Scottish Government

Minister for Commonwealth Games and Sport Shona Robison yesterday officially opened the world's first permanent, artificial avalanche transceiver training facility.

The facility - located at sportscotland's National Outdoor Training Centre, Glenmore Lodge in the heart of the Cairngorms National Park - is specifically designed to help develop the skills of winter mountaineers and ski mountaineers of all abilities.

Constructed at a cost of approximately £10,000, the 500 square metre facility provides potential rescuers with an artificial, highly realistic and easily accessible facility that enables would-be rescuers to simulate various avalanche transceiver search scenarios at any time of year and whatever the weather conditions.

Winter mountaineering and ski mountaineering in particular are increasingly popular activities in Scotland. Last year alone, the sportscotland Avalanche Information Service (SAIS) recorded over 329,000 people accessing its online avalanche reports, during a four month operational period, across five key Scottish mountain areas.

An individual's chances of survival diminish rapidly the longer they are buried in an avalanche. Companion rescue therefore forms the focus of a successful recovery. Increasingly individuals are carrying transceivers which can both transmit and receive a signal on a common frequency. In this way any members of the party not avalanched become rescuers. Groups therefore have a need to be practiced in their use.

A keen skier and hill-walker, Minister for Commonwealth Games and Sport, Shona Robison, said:

"Snowsports generate £30 million each year for Scotland's economy, supporting over 600 jobs, and in 2011 - the Year of Active - we are keen to see people taking advantage of some of the fantastic terrain available in Scotland's mountains to enjoy winter sports.

"But we can't lose sight of the fact that lives are lost on Scotland's mountains each year. The opening of the avalanche training park - the first of its kind anywhere in the world - is a timely reminder to those heading out into the great outdoors in winter to plan ahead, check the weather and ensure they have the correct safety equipment and knowledge.

"The training park is a fantastic achievement and offering year-round training in dealing with avalanche scenarios, builds on Glenmore Lodge's reputation at the forefront in providing world-class training facilities."

Designed by Back Country Access (BCA), the avalanche transceiver training park involves four avalanche transceivers (simulating victims) being buried under the deep layer of woodchip that covers the park. Every beacon is connected underground to a central control box where one or more units can be turned on to emit a signal that is picked up by the avalanche transceivers worn by trainee rescuers.

Almost all avalanche training facilities operating around the world currently rely on snow to hide the transceivers, restricting the use of such training parks to areas or times of permanent snow cover. BCA have provided £4,000 of hardware (including transceivers and probes) as part of their ongoing support of Glenmore Lodge.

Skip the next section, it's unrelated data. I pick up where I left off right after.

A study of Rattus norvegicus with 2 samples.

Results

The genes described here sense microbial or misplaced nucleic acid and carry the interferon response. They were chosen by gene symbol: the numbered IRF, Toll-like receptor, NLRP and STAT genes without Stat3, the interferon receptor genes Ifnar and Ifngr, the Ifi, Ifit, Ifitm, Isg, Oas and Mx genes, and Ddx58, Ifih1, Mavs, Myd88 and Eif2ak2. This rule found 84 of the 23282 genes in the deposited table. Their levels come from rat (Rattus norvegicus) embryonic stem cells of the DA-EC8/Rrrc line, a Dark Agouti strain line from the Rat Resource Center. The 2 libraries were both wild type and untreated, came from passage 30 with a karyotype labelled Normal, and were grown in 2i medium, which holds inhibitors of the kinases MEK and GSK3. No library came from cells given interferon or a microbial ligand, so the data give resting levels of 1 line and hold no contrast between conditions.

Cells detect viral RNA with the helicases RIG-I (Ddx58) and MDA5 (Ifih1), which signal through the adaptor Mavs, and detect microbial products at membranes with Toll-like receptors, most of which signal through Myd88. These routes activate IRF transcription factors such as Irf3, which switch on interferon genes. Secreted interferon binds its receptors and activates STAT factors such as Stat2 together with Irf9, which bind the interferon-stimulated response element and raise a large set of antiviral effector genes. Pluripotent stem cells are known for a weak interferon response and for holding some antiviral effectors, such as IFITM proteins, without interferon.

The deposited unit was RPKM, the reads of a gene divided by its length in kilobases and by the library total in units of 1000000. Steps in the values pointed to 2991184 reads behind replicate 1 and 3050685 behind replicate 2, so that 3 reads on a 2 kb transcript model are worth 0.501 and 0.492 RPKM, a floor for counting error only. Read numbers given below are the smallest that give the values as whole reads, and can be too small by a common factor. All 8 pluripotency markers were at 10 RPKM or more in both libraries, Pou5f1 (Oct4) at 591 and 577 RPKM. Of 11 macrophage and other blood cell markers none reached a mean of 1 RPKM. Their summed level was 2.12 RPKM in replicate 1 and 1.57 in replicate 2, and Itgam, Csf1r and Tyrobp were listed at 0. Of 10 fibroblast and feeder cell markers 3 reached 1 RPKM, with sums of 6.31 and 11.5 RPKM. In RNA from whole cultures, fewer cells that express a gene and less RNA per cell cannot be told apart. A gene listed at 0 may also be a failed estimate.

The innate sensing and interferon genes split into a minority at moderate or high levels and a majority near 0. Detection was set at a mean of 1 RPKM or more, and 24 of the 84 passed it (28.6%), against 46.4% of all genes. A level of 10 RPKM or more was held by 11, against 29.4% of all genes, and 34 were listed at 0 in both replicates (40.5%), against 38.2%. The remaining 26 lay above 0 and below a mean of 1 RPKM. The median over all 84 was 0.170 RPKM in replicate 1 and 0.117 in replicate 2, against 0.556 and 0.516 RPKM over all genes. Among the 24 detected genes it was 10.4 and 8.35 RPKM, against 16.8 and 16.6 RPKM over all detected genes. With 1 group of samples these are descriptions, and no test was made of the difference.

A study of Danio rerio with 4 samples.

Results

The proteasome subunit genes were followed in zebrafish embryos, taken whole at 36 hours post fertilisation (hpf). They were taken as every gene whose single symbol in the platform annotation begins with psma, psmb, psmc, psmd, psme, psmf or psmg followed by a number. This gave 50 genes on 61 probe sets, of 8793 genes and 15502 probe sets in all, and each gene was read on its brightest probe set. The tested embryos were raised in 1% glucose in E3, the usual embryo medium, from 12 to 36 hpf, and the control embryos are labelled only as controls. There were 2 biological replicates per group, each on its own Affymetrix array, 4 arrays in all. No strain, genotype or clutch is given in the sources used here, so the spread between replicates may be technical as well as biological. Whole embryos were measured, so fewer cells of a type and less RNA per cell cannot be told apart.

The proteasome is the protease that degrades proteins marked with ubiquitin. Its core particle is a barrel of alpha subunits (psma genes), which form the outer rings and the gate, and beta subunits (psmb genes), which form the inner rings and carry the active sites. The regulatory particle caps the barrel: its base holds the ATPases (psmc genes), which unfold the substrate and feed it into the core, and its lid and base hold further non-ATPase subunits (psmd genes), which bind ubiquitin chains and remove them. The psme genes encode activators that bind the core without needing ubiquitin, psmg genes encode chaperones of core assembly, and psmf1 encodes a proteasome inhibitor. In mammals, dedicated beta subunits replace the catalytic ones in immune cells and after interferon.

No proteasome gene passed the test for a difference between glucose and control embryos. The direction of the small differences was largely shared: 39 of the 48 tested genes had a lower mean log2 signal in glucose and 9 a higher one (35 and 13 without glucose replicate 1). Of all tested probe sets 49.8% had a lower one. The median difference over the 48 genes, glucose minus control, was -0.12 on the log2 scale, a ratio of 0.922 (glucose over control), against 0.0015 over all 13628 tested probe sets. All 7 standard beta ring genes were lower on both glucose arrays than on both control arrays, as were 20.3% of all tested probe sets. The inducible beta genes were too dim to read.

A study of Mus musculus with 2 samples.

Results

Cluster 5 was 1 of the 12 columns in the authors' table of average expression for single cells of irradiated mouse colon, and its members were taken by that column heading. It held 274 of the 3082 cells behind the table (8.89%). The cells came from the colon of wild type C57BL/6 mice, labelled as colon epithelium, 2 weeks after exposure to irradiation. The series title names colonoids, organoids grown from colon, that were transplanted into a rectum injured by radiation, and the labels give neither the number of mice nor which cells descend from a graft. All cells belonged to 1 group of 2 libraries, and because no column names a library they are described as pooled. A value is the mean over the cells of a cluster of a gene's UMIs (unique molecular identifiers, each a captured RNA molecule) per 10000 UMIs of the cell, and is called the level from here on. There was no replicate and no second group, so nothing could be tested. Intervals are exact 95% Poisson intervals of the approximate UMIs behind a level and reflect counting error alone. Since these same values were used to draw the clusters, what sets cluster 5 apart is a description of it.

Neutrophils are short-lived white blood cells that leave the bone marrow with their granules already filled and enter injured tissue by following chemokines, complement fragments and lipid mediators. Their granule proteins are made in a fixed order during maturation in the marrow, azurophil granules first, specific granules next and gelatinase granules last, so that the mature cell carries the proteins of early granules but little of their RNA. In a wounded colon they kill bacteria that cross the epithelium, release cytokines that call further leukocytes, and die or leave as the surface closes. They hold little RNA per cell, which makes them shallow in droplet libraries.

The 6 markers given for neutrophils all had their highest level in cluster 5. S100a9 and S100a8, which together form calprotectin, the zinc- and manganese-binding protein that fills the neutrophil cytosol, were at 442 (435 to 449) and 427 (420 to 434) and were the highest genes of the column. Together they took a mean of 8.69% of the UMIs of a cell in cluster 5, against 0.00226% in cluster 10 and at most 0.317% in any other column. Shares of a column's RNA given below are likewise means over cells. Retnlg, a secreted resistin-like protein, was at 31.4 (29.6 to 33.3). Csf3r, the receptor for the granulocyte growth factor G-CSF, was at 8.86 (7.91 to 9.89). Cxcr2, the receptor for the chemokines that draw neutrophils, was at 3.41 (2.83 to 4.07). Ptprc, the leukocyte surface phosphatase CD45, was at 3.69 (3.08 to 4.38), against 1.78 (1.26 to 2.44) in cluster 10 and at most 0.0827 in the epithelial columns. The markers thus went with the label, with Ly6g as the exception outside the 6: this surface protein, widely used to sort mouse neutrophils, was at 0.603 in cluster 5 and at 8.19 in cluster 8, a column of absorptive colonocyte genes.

Bruce Edgerly, Vice President of US-based BCA, commented:

"The avalanche training park we have helped put in place at Glenmore Lodge is one of the finest anywhere in the world. Well constructed, designed and easy to use, the innovative approach of using an artificial surface is one likely to be recreated in a number of locations around the world."

Bob Kinnaird, Principal of sportscotland Glenmore Lodge, explained:

"In addition to mountain rescue personnel, an increasing number of skiers, winter walkers and mountaineers carry avalanche transceivers to increase their chance of rescue in the event of an avalanche. However, such equipment is only helpful if those involved in a rescue operation know how to detect the signals and how to best plan a rescue.

"As Scotland's National Outdoor Training Centre, Glenmore Lodge is keen to continually develop our facilities to support the outdoor sector. In partnership with BCA, the development of the year-round transceiver training park is an example of an innovative approach to offer accessible and appropriate training opportunities that help outdoor enthusiasts develop their knowledge and skills to safely enjoy our mountains in winter."

Ian Sherrington, Chief Instructor at sportscotland Glenmore Lodge, added:

"This transceiver park provides an excellent training facility for anyone venturing into avalanche terrain. Your chance of surviving an avalanche burial is directly linked to the speed of your rescue. Therefore, training in the use of transceivers, probes and shovels in this environment will ultimately help to save lives. Moreover, this park will not only benefit a large number of the 750+ winter course participants we host at Glenmore Lodge, but mountain rescue teams, ski clubs and individuals who simply wish to hone their skills."

He added: "Scotland's mountains in winter present a far more serious environment than summer and should be treated as such. Every piece of clothing and equipment carried or worn should be carefully considered and more importantly winter hill walkers must know how to use it. We highly recommend learning from an experienced mountaineer, joining a club or better still completing one of the wide range of winter skills courses available."